Having recently re-watched Hard Candy, I thought I’d start up my blog again. This is a movie that really does make you question your ethics, and such a movie is always one that deserves a re-watch.The two characters, a pretty crafty 14 year old girl (Hayley), and a man 18 years her senior (Jeff), have developed an online relationship over two or three weeks. This particular online relationship has unsettlingly inappropriate sexual undertones. Jeff is a wily photographer who likes to prey on teenage girls in chatrooms, and who quickly Googles names of the bands they mention to disguise himself as the coolest guy they’ve ever spoken to – of course he knows all about Goldfrapp.
Their initial meeting in a public café simmers with playful intensity, and leads to the pair hopping in his Mini and driving back to his house. Clever Hayley declines an alcoholic drink he’s prepared, reciting the dangers of accepting drinks that you haven’t seen being poured. She makes some Screw Drivers with a special touch, and Jeff ends up woozily slumping unconscious. What unfolds throughout the rest of the film involves the paedophile being tied up, a few sharp instruments and quite a lot of psychological torture. Safe to say, Jeff ends up regretting that he messed with the wrong 14 year old.
As the artistically articulated action unfolds, with a great use of colours and a very real, surgical and tinny feel, the war of ethics unfolds too. Who’s the real predator? Who’s the truly guilty one? The young girl who’s getting such pleasure out of inflicting painful humiliation, or the 32 year old who has groomed her? Sadomasochism usually results in a one-sided argument, but I did end up questioning whether she was taking it one step too far. Why not just turn him in to the police? Because that really would not be as fun as the school science project-like scenario of castration. I was switching sides as I watched it, and I actually ran the risk of over-looking the fact that Jeff is, after all, an experienced paedophile.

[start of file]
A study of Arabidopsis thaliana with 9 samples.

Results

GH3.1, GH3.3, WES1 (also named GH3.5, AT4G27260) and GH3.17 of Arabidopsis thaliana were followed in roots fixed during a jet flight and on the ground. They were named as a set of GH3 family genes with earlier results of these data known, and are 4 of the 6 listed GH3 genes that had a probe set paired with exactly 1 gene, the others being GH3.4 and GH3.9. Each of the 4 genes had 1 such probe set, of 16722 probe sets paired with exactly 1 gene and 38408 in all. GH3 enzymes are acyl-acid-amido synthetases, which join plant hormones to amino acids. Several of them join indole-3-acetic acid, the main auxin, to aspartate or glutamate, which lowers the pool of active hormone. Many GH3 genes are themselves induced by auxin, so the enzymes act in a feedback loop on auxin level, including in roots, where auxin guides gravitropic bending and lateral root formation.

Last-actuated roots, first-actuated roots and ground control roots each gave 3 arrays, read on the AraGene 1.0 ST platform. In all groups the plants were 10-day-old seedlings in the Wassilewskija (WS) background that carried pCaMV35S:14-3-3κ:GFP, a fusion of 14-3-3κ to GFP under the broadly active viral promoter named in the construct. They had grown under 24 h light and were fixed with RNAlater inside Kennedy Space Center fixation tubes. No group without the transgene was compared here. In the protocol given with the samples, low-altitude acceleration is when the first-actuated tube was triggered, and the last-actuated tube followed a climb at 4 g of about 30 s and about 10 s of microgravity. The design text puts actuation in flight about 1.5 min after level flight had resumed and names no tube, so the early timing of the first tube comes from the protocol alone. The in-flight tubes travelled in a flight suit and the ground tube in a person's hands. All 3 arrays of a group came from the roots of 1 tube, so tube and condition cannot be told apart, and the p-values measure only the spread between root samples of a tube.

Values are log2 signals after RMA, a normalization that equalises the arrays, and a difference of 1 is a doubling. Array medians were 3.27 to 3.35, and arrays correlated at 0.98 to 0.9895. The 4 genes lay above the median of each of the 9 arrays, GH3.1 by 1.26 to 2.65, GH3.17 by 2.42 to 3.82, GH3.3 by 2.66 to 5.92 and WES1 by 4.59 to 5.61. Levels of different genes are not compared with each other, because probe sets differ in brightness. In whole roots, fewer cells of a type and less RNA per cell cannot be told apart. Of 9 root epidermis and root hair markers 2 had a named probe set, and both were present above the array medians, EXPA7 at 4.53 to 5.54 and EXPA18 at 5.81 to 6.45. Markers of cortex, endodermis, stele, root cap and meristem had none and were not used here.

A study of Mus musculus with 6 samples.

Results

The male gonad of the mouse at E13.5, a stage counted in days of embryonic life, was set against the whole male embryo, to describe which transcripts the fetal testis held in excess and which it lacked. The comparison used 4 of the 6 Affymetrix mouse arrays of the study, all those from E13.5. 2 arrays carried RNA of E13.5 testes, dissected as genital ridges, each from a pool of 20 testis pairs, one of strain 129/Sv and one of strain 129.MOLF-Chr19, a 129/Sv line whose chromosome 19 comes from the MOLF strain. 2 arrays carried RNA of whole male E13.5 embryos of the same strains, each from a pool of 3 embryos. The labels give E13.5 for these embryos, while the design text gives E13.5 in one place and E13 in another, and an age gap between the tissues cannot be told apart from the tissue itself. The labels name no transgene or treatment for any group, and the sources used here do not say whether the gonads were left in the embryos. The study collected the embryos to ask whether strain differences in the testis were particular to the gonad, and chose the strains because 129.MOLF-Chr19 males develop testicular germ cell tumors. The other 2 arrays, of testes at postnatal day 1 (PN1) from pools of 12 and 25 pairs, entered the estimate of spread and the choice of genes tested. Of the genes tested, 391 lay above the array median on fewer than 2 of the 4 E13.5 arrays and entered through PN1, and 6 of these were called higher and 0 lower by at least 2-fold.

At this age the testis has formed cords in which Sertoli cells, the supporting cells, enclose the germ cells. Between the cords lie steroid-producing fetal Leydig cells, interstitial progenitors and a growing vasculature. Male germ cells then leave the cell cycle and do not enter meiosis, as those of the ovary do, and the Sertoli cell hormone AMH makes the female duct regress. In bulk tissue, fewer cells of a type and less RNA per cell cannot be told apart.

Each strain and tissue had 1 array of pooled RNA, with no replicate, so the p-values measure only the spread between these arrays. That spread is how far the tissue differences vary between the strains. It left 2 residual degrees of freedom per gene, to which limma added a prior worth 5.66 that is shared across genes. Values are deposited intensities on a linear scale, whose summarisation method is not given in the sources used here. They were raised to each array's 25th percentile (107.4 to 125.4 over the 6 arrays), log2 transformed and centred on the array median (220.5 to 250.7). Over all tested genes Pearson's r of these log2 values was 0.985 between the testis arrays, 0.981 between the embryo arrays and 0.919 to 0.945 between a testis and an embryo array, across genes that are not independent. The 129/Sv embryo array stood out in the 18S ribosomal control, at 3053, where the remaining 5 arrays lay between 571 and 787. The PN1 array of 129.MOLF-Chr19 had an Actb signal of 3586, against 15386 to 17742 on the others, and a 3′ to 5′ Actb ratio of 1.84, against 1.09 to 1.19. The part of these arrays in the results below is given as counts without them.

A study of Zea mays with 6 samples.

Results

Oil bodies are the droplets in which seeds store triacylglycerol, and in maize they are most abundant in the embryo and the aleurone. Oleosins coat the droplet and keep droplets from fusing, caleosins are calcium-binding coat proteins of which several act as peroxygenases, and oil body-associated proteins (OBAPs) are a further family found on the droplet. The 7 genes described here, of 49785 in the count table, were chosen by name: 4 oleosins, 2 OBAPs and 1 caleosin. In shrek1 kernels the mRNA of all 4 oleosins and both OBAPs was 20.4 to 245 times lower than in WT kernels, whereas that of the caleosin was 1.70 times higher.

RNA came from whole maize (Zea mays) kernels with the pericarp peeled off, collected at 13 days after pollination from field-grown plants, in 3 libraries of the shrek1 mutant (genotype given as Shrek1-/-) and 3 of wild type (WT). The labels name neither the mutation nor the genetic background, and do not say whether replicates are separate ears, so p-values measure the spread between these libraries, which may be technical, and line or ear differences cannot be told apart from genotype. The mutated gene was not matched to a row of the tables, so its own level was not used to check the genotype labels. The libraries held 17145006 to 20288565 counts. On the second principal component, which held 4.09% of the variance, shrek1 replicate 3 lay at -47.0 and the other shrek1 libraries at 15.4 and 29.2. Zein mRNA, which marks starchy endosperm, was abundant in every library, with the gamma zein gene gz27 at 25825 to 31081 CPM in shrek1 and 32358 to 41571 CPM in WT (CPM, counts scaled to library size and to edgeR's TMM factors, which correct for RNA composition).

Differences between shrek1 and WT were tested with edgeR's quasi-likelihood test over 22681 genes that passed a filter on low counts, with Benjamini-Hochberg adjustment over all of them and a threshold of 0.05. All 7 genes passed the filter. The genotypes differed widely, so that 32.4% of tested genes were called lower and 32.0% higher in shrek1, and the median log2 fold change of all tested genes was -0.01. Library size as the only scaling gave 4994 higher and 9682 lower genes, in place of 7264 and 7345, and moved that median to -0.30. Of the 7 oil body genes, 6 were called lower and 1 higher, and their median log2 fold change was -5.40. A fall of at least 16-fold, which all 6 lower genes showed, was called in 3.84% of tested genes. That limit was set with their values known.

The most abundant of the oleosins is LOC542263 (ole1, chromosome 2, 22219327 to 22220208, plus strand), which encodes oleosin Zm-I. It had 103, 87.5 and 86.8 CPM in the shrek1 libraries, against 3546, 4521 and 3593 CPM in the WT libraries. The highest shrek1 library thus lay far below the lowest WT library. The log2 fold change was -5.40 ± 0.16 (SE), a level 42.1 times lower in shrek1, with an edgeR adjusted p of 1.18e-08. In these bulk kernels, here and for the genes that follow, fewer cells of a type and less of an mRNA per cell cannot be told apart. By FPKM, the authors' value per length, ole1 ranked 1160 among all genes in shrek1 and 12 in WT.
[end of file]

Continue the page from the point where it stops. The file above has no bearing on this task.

Isn’t that cinematic beauty in itself? Causing you to feel things you didn’t think you could feel, develop opinions about matters you thought you had sussed out, and allow the very principles of your human nature to be taken on a rollercoaster.
Maybe it doesn’t get as gruesome as we initially thought it might. But the climactic ending does come, and it comes with a punchy twist.
I posed the question “who’s the truly guilty one?” … Maybe it’s not Jeff, not Hayley, but us. Us, the eagerly anticipating viewers, waiting with baited breath for a grisly finale from the safety of our sofas.